Chapter 4 begins with some statistics. In 1743, when Beddome arrived in Bourton there were 100 members. In 1751 there were 180 (as reported to the Association, meeting at Tewksbury). Brooks goes on

"The measure of prosperity vouchsafed to the church during the 14 years following was very variable, as indicated by the letters to the Association. Three years elapsed during which not a single soul was added to the church, viz, 1752, 1753, and 1754. During this period 15 were lost by death, and three by dismission, reducing their number to 162. Very trying to pastor and people was this period, but "The Lord can clear the darkest skies," and with 1755 came the time of refreshing, 22 persons were added by baptism. Among these were Mrs Beddome, Mrs Patience Kimber, of Burford, Mr Kyte, of the Upper Mill, Mrs Mary Kyte, and Elizabeth Wood, of the Folly Farm."
So by 1759 membership was 160, less by two than in 1753.
"The period of depression which had now set in, continued until 1764, when 28 were added by baptism. Many had been lost by death, and the church now contained 183 members, just three more than in the year 1751, being a clear increase of three members in 13 years.
During all this time, the congregations had been large and increasing. Seed-time and harvest are observable in the church as well as in the world. We must not condemn a man because he is not always reaping, "He that goeth forth and weepeth, bearing precious seed, shall doubtless come again with rejoicing, bringing his sheaves with him."
In the year 1763 the church enlarged the burying ground, by the purchase of a piece of land for the sum of £5, and to increase the available space within the chapel, they "turned the gallery stairs without doors." Mr John Collet gave the stones for walling in the new ground, and others gave the drawing. The cost of the whole, in money, was about £38. Of this sum, William Snook, Esq, contributed £10 and Mr Beddome £5.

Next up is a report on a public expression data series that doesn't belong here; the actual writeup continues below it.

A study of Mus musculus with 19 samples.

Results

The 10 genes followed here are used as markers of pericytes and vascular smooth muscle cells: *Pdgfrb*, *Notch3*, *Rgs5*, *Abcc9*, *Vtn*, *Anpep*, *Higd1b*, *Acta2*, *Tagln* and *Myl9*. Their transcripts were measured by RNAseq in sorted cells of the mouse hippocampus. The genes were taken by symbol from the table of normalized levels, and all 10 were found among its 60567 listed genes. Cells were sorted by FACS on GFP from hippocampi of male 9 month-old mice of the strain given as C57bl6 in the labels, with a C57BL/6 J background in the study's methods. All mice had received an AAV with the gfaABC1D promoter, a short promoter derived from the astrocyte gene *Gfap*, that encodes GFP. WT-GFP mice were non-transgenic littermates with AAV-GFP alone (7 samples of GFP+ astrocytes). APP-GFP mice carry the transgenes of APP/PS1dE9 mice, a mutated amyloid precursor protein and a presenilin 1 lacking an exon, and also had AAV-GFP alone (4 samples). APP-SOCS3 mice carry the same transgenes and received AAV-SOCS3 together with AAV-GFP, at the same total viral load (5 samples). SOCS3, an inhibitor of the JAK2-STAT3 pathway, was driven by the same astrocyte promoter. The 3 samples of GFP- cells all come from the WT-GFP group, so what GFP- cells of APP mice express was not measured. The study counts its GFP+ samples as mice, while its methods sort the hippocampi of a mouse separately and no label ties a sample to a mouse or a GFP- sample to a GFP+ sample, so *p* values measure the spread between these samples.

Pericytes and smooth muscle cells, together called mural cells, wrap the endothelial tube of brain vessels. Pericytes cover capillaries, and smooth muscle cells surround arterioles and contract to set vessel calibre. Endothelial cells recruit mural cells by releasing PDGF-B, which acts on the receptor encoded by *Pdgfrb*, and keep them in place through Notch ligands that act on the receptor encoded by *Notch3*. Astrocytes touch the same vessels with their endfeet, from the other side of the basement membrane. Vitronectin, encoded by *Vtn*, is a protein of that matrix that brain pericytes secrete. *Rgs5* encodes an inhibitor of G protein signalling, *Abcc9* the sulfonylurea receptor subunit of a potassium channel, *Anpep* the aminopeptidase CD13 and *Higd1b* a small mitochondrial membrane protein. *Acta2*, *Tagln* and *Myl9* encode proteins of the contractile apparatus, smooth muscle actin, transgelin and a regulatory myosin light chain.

We have seen our fathers building a new chapel in 1701, erecting a house for their minister in 1741, "enlarging and repairing" the chapel in 1748, and strengthening the same in 1750. We must now notice a work which exceeds in magnitude either of the preceding. The following extract from the church-book, will set it clearly before us—
"Oct 10, 1764. We entered upon a subscription for enlarging and rebuilding our meeting house, in which Mr Snook was the principal actor, and of which he was the most generous promoter. The old meeting-house, though altered and enlarged, was neither convenient nor sufficiently capacious, yet most were contented. However, through the indefatigable application of Mr Snook, the new building was erected."

The dimensions of the new chapel were 45 by 35 feet. Materials from the old chapel were used as far as possible. Exclusive of these, the cost of the new building was £473 14s. 10d. Towards this £69 was received as "Benefactions from abroad." These were almost exclusively from London. Dr Stennett procured and sent 20 guineas; George Baskerville, Esq, contributed 10 guineas, and sent 10 more from a friend. Of the £404 raised by the church and congregation, Snook gave £128 7s., ie £100 plus the pulpit, sounding-board, etc, which cost £28 7s. Beddome contributed £30. The rest was raised by smaller subscriptions, ranging from £20 to 5s.

"It must not be overlooked, however, that much work was given, as well as money. And but for this the cost of the building would have appeared to be much greater. "Mr Snook employed his team and servants almost continually. Mr Boswell sent his team 24 days; Dr Paxford 24 days; Mr Truby five days; Thomas Cresser one day; John Strange six days; Mr Eadburn two days; Mr Hurbert six days; Robert Taylor two days; Mr Bosbery one day; William Wood two days; John Hurbert, labourer, gave a week's work, and John Phillips gave the same with self and horse."